Sunday, November 2, 2008




The Happy Warrior / National Review


17 November 2008

By the time many of you read this, the winner of the presidential election will be known — assuming, that is, that the result is sufficiently non-close that it’s beyond the margin of lawyer. So, before we close the book on this election season, let me quote one of the most dispiriting asides on the subject. Daniel Craig, the star of the new James Bond movie The Audacity of Solace — no, wait, A Quantum of Hope — was being interviewed by Kevin Sessums for Parade (that supplement thingy that’s free in all the local newspapers), and as a final question was asked which of the two candidates would make the better 007:

Craig doesn’t hesitate. “Obama would be the better Bond because — if he’s true to his word — he’d be willing to quite literally look the enemy in the eye and go toe-to-toe with them. McCain, because of his long service and experience, would probably be a better M,” he adds, mentioning Bond’s boss, played by Dame Judi Dench. “There is, come to think of it, a kind of Judi Dench quality to McCain.”
Oh, great. John McCain has survived plane crashes, just like Roger Moore in Octopussy. He has escaped death in shipboard infernos, just like Sean Connery in Thunderball. He has endured torture day after day, month after month, without end, just like Pierce Brosnan in the title sequence of Die Another Day. He has done everything 007 has done except get lowered into a shark tank and (one assumes) bed Britt Ekland and Jill St. John.

And yet Daniel Craig gives him the desk job.

On the other hand, Barack Obama has spent his entire adult life chit-chatting with “community organizers” and campus lefties — and he’s the last action hero? It’s true he’s offered “to quite literally look the enemy in the eye” without preconditions. But, given that he looked the Rev. Jeremiah Wright in the eye for 20 years and failed to notice he was an ugly neo-segregationist race-baiter peddling insane conspiracy theories, and that he looked William Ayers in the eye for almost as long and failed to notice he was an unrepentant terrorist, and that he looked Tony Rezko in the eye for an extremely beneficial real-estate deal and failed to notice he was already being mentioned in the Chicago papers for various unsavory activities, I’m not sure Senator Obama is the go-to guy for in-the-field intelligence work.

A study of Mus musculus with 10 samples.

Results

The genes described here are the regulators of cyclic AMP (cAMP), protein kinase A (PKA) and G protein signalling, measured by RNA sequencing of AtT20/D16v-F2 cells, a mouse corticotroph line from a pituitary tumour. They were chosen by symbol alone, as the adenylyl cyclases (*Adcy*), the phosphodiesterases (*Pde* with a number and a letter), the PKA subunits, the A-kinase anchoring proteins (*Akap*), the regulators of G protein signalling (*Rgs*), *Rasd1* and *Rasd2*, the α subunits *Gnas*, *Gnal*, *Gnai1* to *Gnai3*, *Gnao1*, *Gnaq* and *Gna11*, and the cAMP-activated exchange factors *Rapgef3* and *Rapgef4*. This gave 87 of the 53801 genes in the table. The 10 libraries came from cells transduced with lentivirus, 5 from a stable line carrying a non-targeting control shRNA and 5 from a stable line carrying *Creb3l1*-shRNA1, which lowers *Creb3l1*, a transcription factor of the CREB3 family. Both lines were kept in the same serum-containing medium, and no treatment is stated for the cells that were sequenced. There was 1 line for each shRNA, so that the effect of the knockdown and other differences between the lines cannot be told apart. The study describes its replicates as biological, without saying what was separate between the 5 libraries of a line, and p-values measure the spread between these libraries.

As for his plan to fly to Tehran to “go toe-to-toe” with President Ahmadinejad, one can’t but feel that 007’s famous exchange with Goldfinger pretty much sums up the cross-purposes:

“Do you expect me to talk?”

“No, Mr. Bond. I expect you to die.”

Barack Obama expects to talk and talk and talk, while our enemies expect the West to die. I’m not sure Chat Another Day is a recipe for a satisfying Bond movie.

Yet Mr. Craig gets to the heart of the conservative crisis at the end of this dispiriting election season. I’m sure the Bond star disagrees with John McCain on a zillion things — although, come to think of it, he’d be hard put to disagree with him more than I do, on campaign-finance reform, illegal immigration, government mortgage bailouts, etc. Still, political dispositions aside, it surely shouldn’t be so difficult to see in the old, cranky, physically awkward survivor an heroic narrative, a sense of honor and sacrifice and personal courage — the qualities that animate great storytelling across the ages.

But no: the passive campus yakker for Bond, the naval-pilot POW for desk-jockey. That’s it in a nutshell: Culture-wise, conservatives are only up for the supporting role.

That’s the problem, and pulling the lever for a guy with an “R” after his name every other November isn’t going to fix it. If the default mode of a society’s institutions is liberal, electing GOP legislators eventually accomplishes little more than letting a Republican driver take a turn steering the liberal bus. If Hollywood’s liberal, if the newspapers are liberal, if the pop stars are liberal, if the grade schools are liberal, if the very language is liberal to the point where all the nice words have been co-opted as a painless liberal sedative, a Republican legislature isn’t going to be a shining city on a hill so much as one of those atolls in the Maldives being incrementally swallowed by Al Gore’s rising sea levels.

As I said, I don’t know the election results at the time of writing. Whatever they are, conservatism’s fractious precriminations — David Frum vs. Tony Blankley, Mark Levin vs. Peggy Noonan — are set to continue. But the lesson of the last grim year is that it’s not merely about candidates or policy or electoral strategy. We have to get back in the game in all the arenas we’ve ceded to liberalism — from kindergarten to blockbuster movies. Otherwise, as in Daniel Craig’s improvised casting call, we’ll be lucky to wind up with a cameo in the national narrative.

And yes, his answer was ridiculous. Whom do you want on your side when you’re approaching Checkpoint Charlie and you’ve got to rescue the girl? The guy who flies to Germany and coos fatuous platitudes about there being “no challenge too great for a world that stands as one”? Or a crazy old coot who’ll get you over the wall and take a bullet for you? I know whom Ian Fleming would have bet on.